Fri. May 17th, 2024

South Africa has set to hold a general election on May 29, a pivotal vote that could reshape the nation’s political landscape for the first time in three decades.

The ruling African National Congress (ANC), which has dominated South African politics since the end of apartheid, is at risk of losing its parliamentary majority, potentially ushering in a new era of political dynamics.

More than 27 million South Africans are registered to vote in this critical election, where they will elect a new 400-seat National Assembly. The newly elected Assembly will then choose the president. Since the first democratic election in 1994, the ANC has consistently secured over 50% of the vote. However, recent polls suggest that this dominance might be on shaky ground as the ANC struggles to maintain support amid growing disillusionment.

President Cyril Ramaphosa, 71, has defended the ANC’s track record, citing advancements in equality, access to education, land reforms, and infrastructure development. However, the party has faced criticism for high unemployment rates, decaying infrastructure, and persistent crime. The ANC’s popularity has also been undermined by a series of corruption scandals, leading to a loss of support in the 2021 local elections, where the party fell below the 50% threshold for the first time.

An Ipsos poll released last week indicated that support for the ANC now stands just above 40%, a significant drop from the 57% it secured in the last general election in 2019. If the ANC fails to secure an absolute majority, it would be forced to form coalitions to maintain power. The Democratic Alliance (DA), the largest opposition party, has formed an alliance with about 10 smaller parties. However, even with this coalition, they might struggle to gain enough support to topple the ANC.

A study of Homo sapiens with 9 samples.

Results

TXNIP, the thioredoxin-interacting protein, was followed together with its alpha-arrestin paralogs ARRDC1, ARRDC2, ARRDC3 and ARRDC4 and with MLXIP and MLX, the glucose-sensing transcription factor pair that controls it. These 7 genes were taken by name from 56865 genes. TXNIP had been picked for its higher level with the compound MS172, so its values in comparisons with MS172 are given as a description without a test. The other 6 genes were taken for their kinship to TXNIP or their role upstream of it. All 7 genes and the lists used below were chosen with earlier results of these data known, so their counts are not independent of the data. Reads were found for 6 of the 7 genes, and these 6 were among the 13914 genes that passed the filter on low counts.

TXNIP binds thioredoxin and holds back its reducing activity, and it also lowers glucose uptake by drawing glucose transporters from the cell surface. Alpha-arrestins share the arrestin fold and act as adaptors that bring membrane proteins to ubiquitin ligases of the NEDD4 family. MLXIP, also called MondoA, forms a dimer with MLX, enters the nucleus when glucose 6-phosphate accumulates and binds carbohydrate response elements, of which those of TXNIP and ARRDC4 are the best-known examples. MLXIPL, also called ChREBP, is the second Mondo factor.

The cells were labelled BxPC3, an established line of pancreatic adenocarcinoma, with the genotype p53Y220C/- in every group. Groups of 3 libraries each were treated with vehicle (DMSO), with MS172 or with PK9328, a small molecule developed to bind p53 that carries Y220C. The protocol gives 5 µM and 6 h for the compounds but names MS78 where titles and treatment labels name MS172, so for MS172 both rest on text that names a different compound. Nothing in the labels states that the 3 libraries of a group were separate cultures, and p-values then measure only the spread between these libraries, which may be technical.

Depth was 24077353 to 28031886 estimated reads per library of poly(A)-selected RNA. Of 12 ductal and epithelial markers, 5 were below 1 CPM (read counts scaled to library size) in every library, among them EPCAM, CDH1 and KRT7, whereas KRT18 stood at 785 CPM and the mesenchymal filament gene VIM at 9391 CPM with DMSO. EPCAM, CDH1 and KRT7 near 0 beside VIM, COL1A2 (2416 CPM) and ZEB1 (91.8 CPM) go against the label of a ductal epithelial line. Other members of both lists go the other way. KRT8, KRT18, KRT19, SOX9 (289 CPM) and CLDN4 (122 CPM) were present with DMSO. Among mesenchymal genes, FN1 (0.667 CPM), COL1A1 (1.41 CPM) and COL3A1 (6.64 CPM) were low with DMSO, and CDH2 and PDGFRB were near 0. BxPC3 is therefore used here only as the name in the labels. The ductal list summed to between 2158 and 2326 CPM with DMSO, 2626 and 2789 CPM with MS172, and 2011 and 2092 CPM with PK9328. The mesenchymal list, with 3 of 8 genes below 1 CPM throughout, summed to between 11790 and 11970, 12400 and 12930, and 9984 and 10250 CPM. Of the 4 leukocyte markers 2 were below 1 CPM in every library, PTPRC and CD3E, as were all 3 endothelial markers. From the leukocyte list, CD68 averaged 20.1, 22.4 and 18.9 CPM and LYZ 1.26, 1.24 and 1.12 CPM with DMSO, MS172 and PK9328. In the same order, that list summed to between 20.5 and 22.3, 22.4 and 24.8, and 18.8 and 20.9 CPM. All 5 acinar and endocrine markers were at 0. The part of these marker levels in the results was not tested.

Adding to the election’s uncertainty is the emergence of former president Jacob Zuma’s breakaway party, uMkhonto we Sizwe (MK), named after the ANC’s former armed wing during the anti-apartheid struggle. Zuma, a controversial figure who retains significant support in KwaZulu-Natal, his home province, could erode the ANC’s voter base. The ANC has tried, unsuccessfully, to disqualify MK from the election, citing intellectual property concerns. Yet, an Ipsos survey estimated MK’s support at 8.4%, potentially cutting into the ANC’s voter share.

The upcoming election could spark social unrest, especially if the Constitutional Court rules against Zuma’s candidacy. Zuma’s imprisonment in 2021 led to widespread protests, riots, and looting, resulting in the death of over 350 people. As the election draws near, the nation awaits the outcome with anticipation, knowing that the results, expected within three days of the vote, could mark a turning point in South Africa’s political trajectory.